Gero, the so-called longevity biotech has announced that their proprietary platform has identified a number of potential drugs to treat the current pandemic. The Singapore-based firm reported that six of the identified drugs have already been approved and a further three are approved but withdrawn from the market.
In the absence of a vaccine for the novel virus, researchers have scrambled to investigate whether there is an existing drug in our arsenal of already approved medicines that could significantly reduce coronavirus replication. Finding such a needle in the haystack would bypass years of pre-clinical development, as phase three trials could start in a matter of weeks.
One trial that has recently begun at phase III is evaluating Baricitinib, an anti-Janus kinase inhibitor that’s licensed to treat rheumatoid arthritis, in a hospital near Florence, Italy.
The drugs identified by the Gero AI platform were:
- Niclosamide: Sold under the brand name Niclocide is an oral anthelmintic drug approved for human use against tapeworm infections. Although approved in many countries, it is not in the US. The drug inhibits glucose uptake and anaerobic metabolism in the parasites.
- Nitazoxanide: Is a broad-spectrum anti-parasitic and anti-viral, that under the brand name Alinia and Nizonide are approved to treat intestinal protozoan parasites. A 2019 double-blinded controlled trial showed however, that that Nitazoxanide was not effective in reducing respiratory viral infections including influenza.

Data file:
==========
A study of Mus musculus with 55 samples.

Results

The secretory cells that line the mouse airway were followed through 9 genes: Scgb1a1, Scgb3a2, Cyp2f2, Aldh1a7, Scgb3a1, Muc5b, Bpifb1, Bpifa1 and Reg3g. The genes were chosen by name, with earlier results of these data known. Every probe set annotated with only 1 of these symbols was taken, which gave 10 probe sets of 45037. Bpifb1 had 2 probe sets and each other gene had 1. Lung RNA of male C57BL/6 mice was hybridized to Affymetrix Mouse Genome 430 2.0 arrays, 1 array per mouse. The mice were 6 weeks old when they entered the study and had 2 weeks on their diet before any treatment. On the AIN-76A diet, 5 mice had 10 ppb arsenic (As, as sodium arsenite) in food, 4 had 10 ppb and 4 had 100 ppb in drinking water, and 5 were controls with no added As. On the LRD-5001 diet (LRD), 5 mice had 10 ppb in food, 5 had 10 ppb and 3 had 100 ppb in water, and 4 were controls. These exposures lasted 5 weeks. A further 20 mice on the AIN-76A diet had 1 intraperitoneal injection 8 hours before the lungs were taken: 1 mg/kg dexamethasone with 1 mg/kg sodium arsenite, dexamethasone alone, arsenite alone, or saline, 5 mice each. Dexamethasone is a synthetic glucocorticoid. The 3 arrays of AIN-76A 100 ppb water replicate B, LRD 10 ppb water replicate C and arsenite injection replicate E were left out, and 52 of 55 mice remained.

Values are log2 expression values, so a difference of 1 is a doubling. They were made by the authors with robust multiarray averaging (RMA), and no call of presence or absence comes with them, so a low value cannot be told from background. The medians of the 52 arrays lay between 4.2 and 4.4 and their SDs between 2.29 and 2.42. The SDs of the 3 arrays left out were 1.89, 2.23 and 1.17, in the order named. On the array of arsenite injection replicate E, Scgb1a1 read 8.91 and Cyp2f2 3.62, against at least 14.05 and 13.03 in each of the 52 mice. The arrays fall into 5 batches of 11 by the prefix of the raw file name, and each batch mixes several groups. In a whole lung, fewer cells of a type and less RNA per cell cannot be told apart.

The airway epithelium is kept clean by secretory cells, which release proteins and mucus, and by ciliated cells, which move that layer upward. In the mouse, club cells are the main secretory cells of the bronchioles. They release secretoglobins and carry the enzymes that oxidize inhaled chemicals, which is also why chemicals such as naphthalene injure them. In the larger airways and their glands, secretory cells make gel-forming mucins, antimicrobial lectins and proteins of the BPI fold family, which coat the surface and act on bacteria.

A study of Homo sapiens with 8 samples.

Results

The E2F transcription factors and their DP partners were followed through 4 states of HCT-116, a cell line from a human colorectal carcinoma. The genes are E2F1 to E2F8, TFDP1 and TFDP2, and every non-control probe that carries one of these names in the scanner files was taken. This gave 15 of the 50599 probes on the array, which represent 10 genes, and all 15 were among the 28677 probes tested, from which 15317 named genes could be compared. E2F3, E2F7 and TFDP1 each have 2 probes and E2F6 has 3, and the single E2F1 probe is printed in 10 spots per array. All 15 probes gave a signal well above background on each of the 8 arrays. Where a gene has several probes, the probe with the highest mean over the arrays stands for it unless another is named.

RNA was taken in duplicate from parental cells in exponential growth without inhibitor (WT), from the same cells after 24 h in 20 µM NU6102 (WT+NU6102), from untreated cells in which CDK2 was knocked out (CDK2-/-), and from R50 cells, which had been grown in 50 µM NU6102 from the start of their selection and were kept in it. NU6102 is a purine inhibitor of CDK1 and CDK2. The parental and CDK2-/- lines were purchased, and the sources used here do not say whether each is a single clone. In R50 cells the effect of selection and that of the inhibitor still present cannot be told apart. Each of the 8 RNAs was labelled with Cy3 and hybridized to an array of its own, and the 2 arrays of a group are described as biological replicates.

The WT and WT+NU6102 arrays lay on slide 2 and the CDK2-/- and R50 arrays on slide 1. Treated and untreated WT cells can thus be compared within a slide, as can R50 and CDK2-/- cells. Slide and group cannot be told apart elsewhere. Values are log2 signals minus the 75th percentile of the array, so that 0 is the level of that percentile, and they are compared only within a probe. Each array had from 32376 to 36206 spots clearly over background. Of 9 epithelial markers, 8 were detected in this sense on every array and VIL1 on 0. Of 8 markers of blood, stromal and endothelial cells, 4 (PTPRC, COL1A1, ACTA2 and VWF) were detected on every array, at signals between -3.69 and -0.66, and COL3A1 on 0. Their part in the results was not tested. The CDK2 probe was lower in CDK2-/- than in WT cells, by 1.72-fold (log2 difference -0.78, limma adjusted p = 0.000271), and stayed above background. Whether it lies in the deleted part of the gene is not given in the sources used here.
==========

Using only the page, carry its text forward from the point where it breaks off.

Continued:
- Afatinib: Is a tyrosine kinase inhibitor used in the treatment of metastatic non-small cell lung carcinoma. Sold under several brand names including Gilotrif and Afanix across 29 countries.
- Ixazomib: Best known under the brand name Ninlaro, is an oral treatment for multiple myeloma in combination with lenalidomide and dexamethasone. It’s been approved in the US and some other European countries.
- Reserpine: Once widely used for antihypertensive indications, usually in combination with a vasodilator, is not currently approved in the US, but remains in some EU countries.
- Several Senolytics: this class of small molecules are currently being trialled in the treatment of age-related diseases including osteoarthritis, and are widely promised to be next big thing in anti-aging treatments.
Despite Trump’s wildly uneducated prediction that hydroxychloroquine, an antimalarial combination, would be a “game-changer” in the treatment of the virus, preliminary results in China haven’t shown much promise. This limited study will of course need to be extended before the drug is ruled out, but it highlights why efforts in drug repurposing remain crucial at this stage.